Foreign travel faced the impact of the cost of living squeeze in August, according to latest consumer card spending data.
The domestic travel sector performed strongly, with summer staycations boosting hotels, resorts and accommodation by 4.1% month-on-month.
But international travel was more heavily impacted by rising costs, with travel agents and airlines declining 5% and 2.6% respectively, data from Barclaycard revealed.
This was “possibly due to holidaymakers booking breaks earlier in the year and those booking last-minute trips choosing to cut back on getaways abroad”.
Barclaycard added: “While the summer holidays boosted spending on hospitality and domestic travel, overall card spending declined 1.9% month-on-month, as consumers become more selective with discretionary purchases to ensure they can afford rising household bills.
“As the cost-of-living continues to bite, Brits’ confidence in their ability to spend on non-essential items has fallen to 48% – noticeably lower than July 2022 (54%) and August 2021 (63%).
“Optimism in the UK economy has also declined to 21%, down from 26% last month and 37% in August 2021; its lowest since August 2020 (19%).”
The energy price increase in October is also weighing on consumers’ minds, with 32% planning to cut down on discretionary spending to afford energy bills during the autumn and winter and 21% reporting they can no longer afford small luxuries as a ‘pick-me-up’.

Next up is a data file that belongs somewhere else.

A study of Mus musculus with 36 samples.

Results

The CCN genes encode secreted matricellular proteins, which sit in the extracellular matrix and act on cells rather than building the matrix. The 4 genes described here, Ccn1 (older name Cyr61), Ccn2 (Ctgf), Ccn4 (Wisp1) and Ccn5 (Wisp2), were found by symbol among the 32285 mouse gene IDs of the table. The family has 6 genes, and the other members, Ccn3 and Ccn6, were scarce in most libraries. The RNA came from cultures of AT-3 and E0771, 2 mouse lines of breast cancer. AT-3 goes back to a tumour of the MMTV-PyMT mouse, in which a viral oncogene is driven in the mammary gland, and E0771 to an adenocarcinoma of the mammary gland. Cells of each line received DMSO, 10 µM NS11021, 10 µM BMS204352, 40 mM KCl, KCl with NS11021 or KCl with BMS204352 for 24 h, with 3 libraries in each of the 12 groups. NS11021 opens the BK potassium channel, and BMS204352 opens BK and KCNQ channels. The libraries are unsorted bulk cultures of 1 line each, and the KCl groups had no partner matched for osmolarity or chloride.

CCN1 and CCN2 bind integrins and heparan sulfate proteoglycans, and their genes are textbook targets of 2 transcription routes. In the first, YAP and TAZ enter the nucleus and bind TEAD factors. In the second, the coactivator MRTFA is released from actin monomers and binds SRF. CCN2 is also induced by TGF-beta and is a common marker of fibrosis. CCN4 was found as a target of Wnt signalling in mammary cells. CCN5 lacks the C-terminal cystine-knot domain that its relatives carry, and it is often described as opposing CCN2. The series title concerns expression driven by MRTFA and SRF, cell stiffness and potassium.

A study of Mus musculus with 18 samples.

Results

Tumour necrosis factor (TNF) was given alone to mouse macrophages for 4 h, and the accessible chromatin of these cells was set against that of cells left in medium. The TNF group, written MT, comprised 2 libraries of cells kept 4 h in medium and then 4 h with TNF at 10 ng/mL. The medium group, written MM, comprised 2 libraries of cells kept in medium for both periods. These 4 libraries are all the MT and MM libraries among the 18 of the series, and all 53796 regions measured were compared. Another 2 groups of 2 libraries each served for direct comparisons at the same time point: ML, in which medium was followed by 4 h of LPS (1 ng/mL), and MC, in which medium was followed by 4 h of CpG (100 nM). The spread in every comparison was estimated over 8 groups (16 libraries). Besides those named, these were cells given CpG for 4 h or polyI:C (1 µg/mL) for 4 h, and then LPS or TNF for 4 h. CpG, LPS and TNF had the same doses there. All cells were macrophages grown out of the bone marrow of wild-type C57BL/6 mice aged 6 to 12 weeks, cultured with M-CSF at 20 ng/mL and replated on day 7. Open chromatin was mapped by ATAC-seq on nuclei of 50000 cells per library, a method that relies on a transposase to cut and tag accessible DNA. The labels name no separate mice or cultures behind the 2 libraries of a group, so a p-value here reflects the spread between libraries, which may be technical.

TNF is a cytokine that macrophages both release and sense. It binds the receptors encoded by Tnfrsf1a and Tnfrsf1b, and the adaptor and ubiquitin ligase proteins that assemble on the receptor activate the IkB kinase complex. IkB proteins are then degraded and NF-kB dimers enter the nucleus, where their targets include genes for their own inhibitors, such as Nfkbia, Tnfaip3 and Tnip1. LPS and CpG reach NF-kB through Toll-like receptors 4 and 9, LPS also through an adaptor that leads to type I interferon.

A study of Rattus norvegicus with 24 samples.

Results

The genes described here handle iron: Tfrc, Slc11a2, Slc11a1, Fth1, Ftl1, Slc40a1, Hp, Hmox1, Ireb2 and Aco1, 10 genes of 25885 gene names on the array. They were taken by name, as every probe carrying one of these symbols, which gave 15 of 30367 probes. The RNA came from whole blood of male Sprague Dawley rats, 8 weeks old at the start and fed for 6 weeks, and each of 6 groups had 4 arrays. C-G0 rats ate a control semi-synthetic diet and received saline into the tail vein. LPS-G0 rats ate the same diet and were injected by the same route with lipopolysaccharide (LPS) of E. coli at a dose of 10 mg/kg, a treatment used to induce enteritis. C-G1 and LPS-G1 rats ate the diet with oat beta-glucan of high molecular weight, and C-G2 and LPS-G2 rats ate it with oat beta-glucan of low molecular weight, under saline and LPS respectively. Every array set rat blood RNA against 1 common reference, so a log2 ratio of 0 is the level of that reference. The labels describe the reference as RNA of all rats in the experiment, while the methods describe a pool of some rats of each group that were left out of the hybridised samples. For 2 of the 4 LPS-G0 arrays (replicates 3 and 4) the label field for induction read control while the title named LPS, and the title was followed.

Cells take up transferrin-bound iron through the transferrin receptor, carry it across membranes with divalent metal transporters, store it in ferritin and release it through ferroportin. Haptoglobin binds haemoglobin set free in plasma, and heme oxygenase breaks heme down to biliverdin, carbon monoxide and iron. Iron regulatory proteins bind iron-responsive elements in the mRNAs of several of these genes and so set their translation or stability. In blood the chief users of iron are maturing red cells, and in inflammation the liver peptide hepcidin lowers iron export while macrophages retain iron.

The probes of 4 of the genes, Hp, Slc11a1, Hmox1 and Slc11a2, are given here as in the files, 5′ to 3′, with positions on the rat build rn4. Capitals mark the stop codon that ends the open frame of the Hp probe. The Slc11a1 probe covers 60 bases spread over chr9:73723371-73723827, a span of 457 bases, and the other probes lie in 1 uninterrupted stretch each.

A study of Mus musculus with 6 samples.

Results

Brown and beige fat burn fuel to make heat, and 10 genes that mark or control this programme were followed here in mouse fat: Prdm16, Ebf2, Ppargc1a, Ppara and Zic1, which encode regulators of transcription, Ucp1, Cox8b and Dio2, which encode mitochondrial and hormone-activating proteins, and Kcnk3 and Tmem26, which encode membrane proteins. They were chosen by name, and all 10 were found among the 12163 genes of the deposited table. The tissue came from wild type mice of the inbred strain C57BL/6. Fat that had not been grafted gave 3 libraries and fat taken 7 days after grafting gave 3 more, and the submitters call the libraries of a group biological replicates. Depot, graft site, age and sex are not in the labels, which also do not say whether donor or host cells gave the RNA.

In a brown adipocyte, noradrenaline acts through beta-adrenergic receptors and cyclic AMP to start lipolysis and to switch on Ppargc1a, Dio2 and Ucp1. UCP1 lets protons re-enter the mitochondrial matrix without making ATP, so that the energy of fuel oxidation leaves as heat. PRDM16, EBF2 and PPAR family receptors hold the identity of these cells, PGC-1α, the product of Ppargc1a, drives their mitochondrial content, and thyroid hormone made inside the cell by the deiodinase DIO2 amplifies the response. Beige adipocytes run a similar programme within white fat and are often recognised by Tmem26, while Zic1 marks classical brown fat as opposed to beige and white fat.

The report added: “Many feel the worst is yet to come, as 82% believe the cost-of-living will continue to rise, while 20% cite increasing costs as having a negative impact on their mental health.
“Despite the challenging outlook and ongoing headwinds, 60% of consumers remain confident in their household finances, albeit down on last month’s 66%.
“This relative stability may be owing to changes many have made to their spending behaviour to offset rising costs (26%) in preparation for the months ahead.”
Barclaycard head of consumer products Jose Carvalho said: “The cost-of-living is clearly leading Brits to cut-back on some non-essential purchases to ensure they can afford the increasing costs of their weekly grocery shop and household utility bills.
“Yet, despite these inflationary pressures, consumers have still been keen to enjoy the summer weather by eating and drinking out and going on staycations with friends and family.
“However, an energy price rise on the horizon means the majority are understandably very concerned about whether their finances can stretch far enough to afford rising household bills.
“Many Brits plan to continue cutting back on their discretionary spending during the autumn and winter, while adopting a resourceful approach to saving money in order to weather a challenging period ahead.”